Creating a cultural footprint for future generations to follow is a challenge that we as a country - both locally and nationally - are having to face more and more, as we start talking to and not at each other on opposite sides of the cultural coin.

Knowing Maori place names, what they mean and where they come from, and after who they were named, are being championed by causes and celebrities up and down the land of the long white cloud.

One of these champions calling for change is former prime minister Jim Bolger, who was in the region last Thursday to open the stunning new University of Waikato Adams Centre for High Performance. He was also there to officiate as head chancellor of the university at their graduation ceremony on the Friday.

Mr Bolger has supported the 12,000-strong petition of Otorohanga students Waimarama Anderson and Leah Bell, which calls for a national day of commemoration for the "land wars" and for the history of those events to be taught at schools, and it is now being considered by the Maori Affairs Select Committee.


I was keen to korero about this kaupapa and when the opportunity arose from a mate of mine to bring JB - as he is known - to my office, I jumped in gumboots and all.

The first thing you notice about JB is he looks in tip-top shape for an 81-year-old, and the second thing is his razor sharp intellect and photographic recall of memory.

We talked about the Battle of Gate Pa and its significance to the cultural footprint of Tauranga, and how fitting it was that on the same day we would remember this battle, he was in town calling for the country to remember all Maori land war battles, a point he highlighted in his opening speech at the graduation ceremony.

Yes, there is the argument that 2899 people lost their lives in the armed conflicts in New Zealand during the 19th century land wars, 60 of them at Gate Pa, and this includes Maori on both sides as well as non-Maori.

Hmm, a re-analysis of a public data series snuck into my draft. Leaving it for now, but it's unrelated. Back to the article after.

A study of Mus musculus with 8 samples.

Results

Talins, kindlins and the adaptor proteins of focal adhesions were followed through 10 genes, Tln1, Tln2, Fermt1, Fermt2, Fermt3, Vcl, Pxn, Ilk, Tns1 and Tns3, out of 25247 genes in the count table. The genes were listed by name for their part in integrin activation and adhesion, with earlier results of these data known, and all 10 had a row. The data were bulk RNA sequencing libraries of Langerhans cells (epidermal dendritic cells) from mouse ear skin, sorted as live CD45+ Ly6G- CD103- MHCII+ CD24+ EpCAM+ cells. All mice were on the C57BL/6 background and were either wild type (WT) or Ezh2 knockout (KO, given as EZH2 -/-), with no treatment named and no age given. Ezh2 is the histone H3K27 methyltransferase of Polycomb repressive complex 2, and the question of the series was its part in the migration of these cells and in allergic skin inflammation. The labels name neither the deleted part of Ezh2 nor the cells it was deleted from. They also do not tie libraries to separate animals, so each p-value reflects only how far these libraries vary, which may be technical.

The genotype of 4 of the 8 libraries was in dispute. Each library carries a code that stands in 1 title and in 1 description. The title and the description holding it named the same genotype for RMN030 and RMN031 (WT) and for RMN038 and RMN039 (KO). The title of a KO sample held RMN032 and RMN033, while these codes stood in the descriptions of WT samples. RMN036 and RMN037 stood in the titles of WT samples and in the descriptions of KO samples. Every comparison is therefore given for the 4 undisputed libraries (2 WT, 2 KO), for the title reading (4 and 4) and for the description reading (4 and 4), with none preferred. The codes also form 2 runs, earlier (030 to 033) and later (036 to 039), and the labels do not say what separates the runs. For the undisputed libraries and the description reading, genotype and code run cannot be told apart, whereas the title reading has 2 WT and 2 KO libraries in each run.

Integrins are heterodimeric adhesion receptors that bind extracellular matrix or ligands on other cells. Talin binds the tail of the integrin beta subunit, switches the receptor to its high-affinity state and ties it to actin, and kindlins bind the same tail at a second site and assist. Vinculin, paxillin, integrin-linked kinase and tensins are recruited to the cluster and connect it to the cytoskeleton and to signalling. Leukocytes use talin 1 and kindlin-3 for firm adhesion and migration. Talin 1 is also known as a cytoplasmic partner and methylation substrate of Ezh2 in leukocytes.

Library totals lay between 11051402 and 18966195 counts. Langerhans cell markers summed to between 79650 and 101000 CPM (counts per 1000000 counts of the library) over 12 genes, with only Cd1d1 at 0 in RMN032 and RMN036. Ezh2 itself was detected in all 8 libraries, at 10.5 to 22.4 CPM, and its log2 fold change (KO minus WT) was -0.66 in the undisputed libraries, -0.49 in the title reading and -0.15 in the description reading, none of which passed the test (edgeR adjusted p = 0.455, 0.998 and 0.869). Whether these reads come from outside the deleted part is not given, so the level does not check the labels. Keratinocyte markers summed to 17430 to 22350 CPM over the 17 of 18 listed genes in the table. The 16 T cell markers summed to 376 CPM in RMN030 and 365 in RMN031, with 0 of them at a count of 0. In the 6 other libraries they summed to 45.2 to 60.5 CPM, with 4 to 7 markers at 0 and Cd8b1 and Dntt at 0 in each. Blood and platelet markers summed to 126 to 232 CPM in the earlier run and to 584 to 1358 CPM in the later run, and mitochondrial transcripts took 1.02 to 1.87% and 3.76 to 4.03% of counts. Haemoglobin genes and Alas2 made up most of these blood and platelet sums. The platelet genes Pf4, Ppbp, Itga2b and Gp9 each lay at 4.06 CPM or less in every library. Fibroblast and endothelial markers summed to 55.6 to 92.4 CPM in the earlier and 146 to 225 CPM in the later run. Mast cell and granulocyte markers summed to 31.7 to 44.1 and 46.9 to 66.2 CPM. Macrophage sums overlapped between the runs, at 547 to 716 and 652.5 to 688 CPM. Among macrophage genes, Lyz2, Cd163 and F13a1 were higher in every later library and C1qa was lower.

This compares with more than 18,000 killed in World War I, 12,000 killed in WWII, a total of 71 in the Boer Wars, and 36 in Vietnam.

But for me the remembrance day proposed by Jim Bolger and many within Maori leadership is not about numbers.

When the bell tolled 60 times last Friday for all lives lost at Pukehinahina 152 years ago, it wasn't about the numbers but more so the battle itself.

Why it took place is paramount and who lost what because of it, just as all battles are asked the same question once the final farewell karakia to the last buried body have been prayed.

What's in a Maori place name is a question that has been tossed around like a hot hangi stone more and more by both sides of the cultural coin.

Where the name comes from, who was it named after and their relevance to the founding fathers, of this and all of the towns and cities in Aotearoa-New Zealand, is a question that will become hotly debated just as it is now here in the Bay.

One of these hangi stones is the decision to rename the BOP Polytechnic to Toi Oho Mai Institute of Technology. This has raised more than a few eyebrows by "steady as she goes" traditionalists, as it did a few smiles from tangata whenua who saw this as another step in creating a cultural footprint for the Bay of Plenty.

One that future generations can freely follow - if they so choose.

The other hot hangi stone picked up by Tauranga councillor Gail McIntosh was the proposal to change the name of Cambridge Park to Te Waha o Te Marangi ("the mouth of the storm") and this one will have a bit of buy-in from both sides of the iwi/Kiwi debate - especially from new local resident Don Brash.

Some are concerned a precedent of "political incorrectness" is emerging on the back of another recent name change from Churchill Park to Matiu Kauri Grove, named after an American Mormon preacher respected by local Maori followers of that faith.

If we were to look at the new names given to the streets of the new subdivision and business park in Tauriko, I like many who only have a first base grasp of te reo, would struggle to pronounce them - let alone know who they were named after and why. Perhaps an information panel alongside them would help this process?

Finding our cultural footprint will remain a hot hangi stone as we have these courageous conversations about place names and battle sites.

But, like all hangis, when they are cooked with the correct amount of heat, everyone benefits - and none more so than the tamariki of tomorrow.


- Tommy Wilson is a best-selling author and local writer.